You could call this Latin jazz with a Midwestern accent. Percussionist Craig Russo and the Latin Jazz Project are a group of mostly mainstream players hailing from the Champaign-Urbana, Illinois neck of the woods, which is probably not what one would consider a hotbed of Latin culture. But they've put out a very tangy, jubilant and authentic set of Latin/Afro-Cuban sounds with Soul Eyes.
"Sabor" opens the set, an upbeat mambo (is there any other kind?) featuring a bubbling cacophony of percussion, with Russo using the congas, guiro and cowbell alongside Jeff Magby on the drum set. The title tune, Mal Waldron's "Soul Eyes," cha cha's in next, with a fine cool alto sax solo by Douglas Little, followed by Jeff Helgesen blowing a brassy trumpet turn, in an arrangement that brings some of Dizzy Gillespie's Latin grooves to mind.
Timbales, congas, guiro, chekere, bongosall these percolate behind the two-horn front lines throughout the session, and not in an obtrusive way; it's all very incorporated, creating a feast for percussion fans, on mambos and cha chas and boleros and Afro-Cuban romps.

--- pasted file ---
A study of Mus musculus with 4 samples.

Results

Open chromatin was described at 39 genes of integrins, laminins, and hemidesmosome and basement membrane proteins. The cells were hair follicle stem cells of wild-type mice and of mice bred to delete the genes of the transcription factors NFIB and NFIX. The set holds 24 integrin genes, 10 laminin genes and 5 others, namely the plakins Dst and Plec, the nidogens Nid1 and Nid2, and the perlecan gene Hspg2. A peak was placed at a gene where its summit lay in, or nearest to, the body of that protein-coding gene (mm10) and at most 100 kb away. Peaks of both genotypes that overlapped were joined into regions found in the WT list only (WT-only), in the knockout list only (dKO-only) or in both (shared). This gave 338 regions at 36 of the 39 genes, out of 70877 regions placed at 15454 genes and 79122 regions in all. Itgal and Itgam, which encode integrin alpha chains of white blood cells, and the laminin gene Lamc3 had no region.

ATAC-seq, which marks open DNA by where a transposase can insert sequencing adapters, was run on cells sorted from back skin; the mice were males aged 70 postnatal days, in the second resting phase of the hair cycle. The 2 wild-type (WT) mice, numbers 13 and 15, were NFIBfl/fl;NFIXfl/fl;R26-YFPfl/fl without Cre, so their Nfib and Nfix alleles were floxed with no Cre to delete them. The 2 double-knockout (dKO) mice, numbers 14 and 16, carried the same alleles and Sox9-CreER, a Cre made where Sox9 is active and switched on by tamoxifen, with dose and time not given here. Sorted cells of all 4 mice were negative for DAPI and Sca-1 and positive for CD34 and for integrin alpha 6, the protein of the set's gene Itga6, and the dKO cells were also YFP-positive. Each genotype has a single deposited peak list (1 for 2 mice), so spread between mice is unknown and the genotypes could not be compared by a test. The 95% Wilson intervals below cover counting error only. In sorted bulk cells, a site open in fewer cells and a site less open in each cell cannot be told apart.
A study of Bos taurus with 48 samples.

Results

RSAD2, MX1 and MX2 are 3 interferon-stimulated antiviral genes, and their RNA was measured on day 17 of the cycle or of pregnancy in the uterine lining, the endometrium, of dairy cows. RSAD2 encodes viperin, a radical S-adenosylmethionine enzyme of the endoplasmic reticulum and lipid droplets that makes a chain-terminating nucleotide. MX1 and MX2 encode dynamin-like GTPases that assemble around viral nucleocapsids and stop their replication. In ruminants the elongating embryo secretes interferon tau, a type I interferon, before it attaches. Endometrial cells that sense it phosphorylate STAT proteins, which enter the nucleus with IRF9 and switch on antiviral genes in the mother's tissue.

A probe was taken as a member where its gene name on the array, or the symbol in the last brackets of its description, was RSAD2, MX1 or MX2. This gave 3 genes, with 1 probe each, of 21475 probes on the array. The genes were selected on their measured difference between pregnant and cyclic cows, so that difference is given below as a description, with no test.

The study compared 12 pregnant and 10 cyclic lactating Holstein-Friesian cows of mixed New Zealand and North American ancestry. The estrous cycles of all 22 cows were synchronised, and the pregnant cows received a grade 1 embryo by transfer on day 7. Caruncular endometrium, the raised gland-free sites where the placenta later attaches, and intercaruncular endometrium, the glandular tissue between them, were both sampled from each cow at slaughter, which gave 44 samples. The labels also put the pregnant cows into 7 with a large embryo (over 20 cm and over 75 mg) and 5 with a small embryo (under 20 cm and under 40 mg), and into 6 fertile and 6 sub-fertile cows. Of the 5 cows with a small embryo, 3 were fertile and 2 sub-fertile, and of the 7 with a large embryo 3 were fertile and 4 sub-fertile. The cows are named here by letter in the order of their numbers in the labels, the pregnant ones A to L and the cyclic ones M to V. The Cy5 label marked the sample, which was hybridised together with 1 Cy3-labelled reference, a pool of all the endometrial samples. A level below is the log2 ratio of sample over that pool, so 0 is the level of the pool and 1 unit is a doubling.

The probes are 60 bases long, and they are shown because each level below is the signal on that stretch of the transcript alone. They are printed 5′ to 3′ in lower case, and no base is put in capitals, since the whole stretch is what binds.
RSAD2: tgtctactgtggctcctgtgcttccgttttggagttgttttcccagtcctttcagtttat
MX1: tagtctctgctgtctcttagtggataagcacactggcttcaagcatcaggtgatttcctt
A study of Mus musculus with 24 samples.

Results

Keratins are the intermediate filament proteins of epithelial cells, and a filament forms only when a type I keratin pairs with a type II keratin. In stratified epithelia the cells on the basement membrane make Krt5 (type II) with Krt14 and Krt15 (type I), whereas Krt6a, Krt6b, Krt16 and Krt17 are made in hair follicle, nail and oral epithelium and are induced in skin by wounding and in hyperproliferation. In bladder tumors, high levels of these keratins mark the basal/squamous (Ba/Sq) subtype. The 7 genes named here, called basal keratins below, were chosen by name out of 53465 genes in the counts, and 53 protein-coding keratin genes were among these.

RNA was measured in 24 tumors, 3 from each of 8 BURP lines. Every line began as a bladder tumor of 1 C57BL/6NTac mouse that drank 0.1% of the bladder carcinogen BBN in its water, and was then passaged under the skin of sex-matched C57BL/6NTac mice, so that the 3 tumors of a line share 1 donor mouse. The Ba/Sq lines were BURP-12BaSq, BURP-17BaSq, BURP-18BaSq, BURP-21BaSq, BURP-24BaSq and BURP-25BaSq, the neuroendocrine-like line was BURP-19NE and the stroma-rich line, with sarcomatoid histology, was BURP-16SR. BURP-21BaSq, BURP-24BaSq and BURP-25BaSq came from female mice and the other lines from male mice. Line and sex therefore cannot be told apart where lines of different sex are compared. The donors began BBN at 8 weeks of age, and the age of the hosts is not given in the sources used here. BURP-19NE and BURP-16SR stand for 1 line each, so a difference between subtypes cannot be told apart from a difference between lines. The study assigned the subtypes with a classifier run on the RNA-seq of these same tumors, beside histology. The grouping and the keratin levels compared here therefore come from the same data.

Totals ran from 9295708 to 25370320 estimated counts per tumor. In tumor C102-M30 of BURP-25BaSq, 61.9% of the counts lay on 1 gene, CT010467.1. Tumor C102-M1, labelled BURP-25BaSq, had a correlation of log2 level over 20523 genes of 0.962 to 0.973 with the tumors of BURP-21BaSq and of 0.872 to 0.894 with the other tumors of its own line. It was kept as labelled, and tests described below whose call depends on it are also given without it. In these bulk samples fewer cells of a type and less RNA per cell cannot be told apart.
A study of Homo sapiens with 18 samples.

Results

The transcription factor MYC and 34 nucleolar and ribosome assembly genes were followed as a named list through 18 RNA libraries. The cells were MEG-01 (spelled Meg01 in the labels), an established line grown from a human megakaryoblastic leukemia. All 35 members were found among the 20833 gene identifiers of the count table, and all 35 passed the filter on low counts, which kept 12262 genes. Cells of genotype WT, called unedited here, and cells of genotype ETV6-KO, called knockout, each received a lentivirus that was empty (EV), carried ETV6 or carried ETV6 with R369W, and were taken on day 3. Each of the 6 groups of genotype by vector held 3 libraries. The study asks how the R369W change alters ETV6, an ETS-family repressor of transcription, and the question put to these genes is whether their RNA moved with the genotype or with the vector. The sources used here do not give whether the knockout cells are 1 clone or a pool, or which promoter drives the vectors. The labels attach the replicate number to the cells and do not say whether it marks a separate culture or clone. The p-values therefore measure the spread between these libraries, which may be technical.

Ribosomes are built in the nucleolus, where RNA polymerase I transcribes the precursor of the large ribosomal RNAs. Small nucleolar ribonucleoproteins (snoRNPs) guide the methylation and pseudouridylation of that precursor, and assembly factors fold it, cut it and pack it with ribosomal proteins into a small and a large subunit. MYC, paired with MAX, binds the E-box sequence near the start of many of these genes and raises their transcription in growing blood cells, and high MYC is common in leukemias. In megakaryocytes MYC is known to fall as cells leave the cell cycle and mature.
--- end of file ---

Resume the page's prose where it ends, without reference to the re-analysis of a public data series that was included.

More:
Bobby Timmons' "Moanin'" is the only tune without "the tinge," a straight-ahead blowing workout reminiscent of Art Blakey's take on the song, with trumpeter Jeff Helgesen sounding bright and brassy and very Lee Morgan-esque.
The highlight is a trio of back-to-back tunes: "Speak No Evil," "ESP," and "Maiden Voyage," written by Wayne Shorter, Wayne Shorter and Herbie Hancock, respectively, in a Latinization of late-sixties post bop moods.
A fine set of mainstream tunes spiced up with percolating Latin rhythms.
Track Listing: Sabor, Soul Eyes, You Stepped Out of a Dream, A Flower is a Lovesome Thing, Speak No Evil, ESP, Maiden Voyage, Moanin,' The Lamp is Low
Personnel: Craig Russo--percussion; Jeff Helgesen--trumpet; Chip McNeil--Tenor saxophone; Sean Parsons, Chris Mahieu, Simon Rowe-piano; Toby Curtright--bass; Jeff Magby--percussion;Douglas Little--alto saxophone;
I love jazz because it swings.
I was first exposed to jazz in Houston.
I met Joe LoCascio and Bob Henschen.
The best show I ever attended was Pat Martino.
The first jazz record I bought was Time Out by the Dave Brubeck Quartet.
My advice to new listeners is to relax on 2 and 4 beats.